Economic analyst: Russia trying to pressure Ukraine into a ceasefire

Raivo Vare.
Raivo Vare. Source: Priit Mürk/ERR

Russia has adopted a new strategy in its war against Ukraine – as it is not finding success on the battlefield, Russia is using missiles and Iranian drones to destroy Ukraine's power infrastructure, bomb it back to the 18th century, Raivo Vare finds.

Russia has used Iranian drones to knock out 40 percent of Ukraine's energy infrastructure. This conscious winter tactic serves the purpose of buying time in which to train Russia's newly mobilized troops, replace those currently on the front and build up munitions stocks, Raivo Vare said.

"Basically, they are attempting to bomb the Ukrainian people and economy into a bad enough situation to spark "peace at all costs" pressure in society. At the same time, they are using Turkey as an icebreaker to talk to leading Western powers, going over Ukraine's head, and convince them to put pressure on Ukraine," Vare suggested.

"Those two processes serve the sole purpose of creating the need for talks at which Russia could push through its conditions or negotiate a breather. It does not mean they are after peace. They want a ceasefire. They simply need to catch their breath. It could last no longer than four years and its sole focus would be on continuing the war later," he added.

Washington revealed that Russia had bought Iranian drones back in August. The first wave of attacks took place in October and took the Ukrainian forces by surprise in that they didn't know how best to bring the cheap airborne scooters down. President Volodymyr Zelenskyy said this Sunday that Ukraine can now destroy around 80 percent of drones Iranian instructors are helping to fly.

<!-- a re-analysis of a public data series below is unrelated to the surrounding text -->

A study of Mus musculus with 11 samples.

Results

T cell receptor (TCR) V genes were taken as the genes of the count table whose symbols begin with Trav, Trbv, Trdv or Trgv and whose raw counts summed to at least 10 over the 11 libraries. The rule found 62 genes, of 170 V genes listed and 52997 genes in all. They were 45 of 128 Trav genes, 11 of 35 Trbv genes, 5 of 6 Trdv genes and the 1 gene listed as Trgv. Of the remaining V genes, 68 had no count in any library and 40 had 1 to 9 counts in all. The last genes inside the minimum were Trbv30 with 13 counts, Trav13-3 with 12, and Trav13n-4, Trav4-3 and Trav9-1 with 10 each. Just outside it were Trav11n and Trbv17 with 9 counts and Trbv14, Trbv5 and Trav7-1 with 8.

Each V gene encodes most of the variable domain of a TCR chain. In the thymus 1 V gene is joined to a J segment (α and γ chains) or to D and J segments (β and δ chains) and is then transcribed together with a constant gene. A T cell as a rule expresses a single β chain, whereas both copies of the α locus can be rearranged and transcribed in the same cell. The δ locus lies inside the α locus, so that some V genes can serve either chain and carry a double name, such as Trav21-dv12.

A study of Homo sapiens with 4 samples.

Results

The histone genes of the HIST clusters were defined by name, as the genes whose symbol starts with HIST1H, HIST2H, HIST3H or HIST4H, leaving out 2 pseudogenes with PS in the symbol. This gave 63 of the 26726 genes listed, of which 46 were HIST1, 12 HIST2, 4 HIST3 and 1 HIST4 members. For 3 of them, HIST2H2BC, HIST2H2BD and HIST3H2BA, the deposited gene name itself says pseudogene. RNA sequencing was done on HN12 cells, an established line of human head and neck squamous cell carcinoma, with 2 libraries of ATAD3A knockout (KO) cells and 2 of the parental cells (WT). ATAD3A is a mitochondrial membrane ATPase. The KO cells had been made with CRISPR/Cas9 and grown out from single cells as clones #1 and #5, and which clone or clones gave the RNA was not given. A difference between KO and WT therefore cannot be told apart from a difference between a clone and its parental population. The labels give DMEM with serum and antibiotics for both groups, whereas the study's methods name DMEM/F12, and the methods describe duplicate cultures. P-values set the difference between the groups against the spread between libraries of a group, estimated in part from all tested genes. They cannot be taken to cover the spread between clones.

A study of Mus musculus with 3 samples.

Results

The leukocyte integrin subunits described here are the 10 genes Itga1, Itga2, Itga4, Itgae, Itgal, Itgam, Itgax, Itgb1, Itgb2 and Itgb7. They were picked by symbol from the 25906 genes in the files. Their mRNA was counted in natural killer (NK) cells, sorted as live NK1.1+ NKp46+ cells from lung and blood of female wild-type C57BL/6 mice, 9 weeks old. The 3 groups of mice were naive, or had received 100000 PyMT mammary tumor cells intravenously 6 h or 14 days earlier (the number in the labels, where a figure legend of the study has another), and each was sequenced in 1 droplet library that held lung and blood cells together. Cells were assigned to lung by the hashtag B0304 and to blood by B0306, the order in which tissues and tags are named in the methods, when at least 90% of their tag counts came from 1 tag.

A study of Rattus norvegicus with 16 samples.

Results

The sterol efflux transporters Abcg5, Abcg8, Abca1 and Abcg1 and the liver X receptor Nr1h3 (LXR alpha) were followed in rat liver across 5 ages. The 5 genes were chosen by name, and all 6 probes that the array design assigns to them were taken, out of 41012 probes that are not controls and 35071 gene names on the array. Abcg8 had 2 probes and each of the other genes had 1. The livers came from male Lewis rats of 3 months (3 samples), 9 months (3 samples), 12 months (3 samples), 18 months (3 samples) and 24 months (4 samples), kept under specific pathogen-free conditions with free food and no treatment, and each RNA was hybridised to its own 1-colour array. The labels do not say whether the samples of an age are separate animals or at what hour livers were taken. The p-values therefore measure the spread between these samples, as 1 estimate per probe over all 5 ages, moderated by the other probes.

"Back in September, a month ago, the Russians moved UAVs that they acquired from Iran into Crimea to use against the Ukrainian people.  And, as we've said, Russian military personnel in Crimea have been piloting these Iranian UAVs, using them to conduct kinetic strikes across Ukraine, including strikes against Kyiv just in recent days and against all sorts of civilian infrastructure and civilians themselves.  That's truly deplorable.  And yes, we also see Iranian military personnel on the ground in Crimea who are assisting Russia in these operations," U.S. Secretary of State Antony Blinken said.

Ukrainian special forces said on Sunday that Iranian national guard instructors have also been seen in Belarus where they participate in coordinating targets in addition to providing training.

While Israel was initially reluctant to provide Kyiv with information on the drones, this has apparently taken place now. What is more, Israel organized air strikes against structures near the Dimas military airport where the drones were being stored and assembled.

Germany's UN Ambassador Antje Leendertse said that Iranian drones are used to terrorize civilians and have been supplied to Russia without the UN's permission, which constitutes a direct violation of Resolution 2231.

The resolution concerns the Iranian nuclear agreement from 2015.

But the diplomatic battle is doing nothing to help the Ukrainians who need to repair their power plants with winter closing in fast.

"This requires manpower, materials, mechanisms, and because power structures are massive, a lot of these things is needed. The work is very time-consuming. Meaning that if boilers get hit, we are talking about long-term damage as you cannot just repair those overnight," Raivo Vare said.

Power companies might not have all the materials in stock, and it remains unclear whether they could be sourced from abroad.

"On top of everything, the bombardment continues. The Russians also use so-called additional strikes where a second hit follows the first once efforts at reconstruction and evacuation have begun. Just as the recent round of attacks followed the first one from early October. Some of the targets were the same, so we are talking about entirely conscious action," Vare remarked.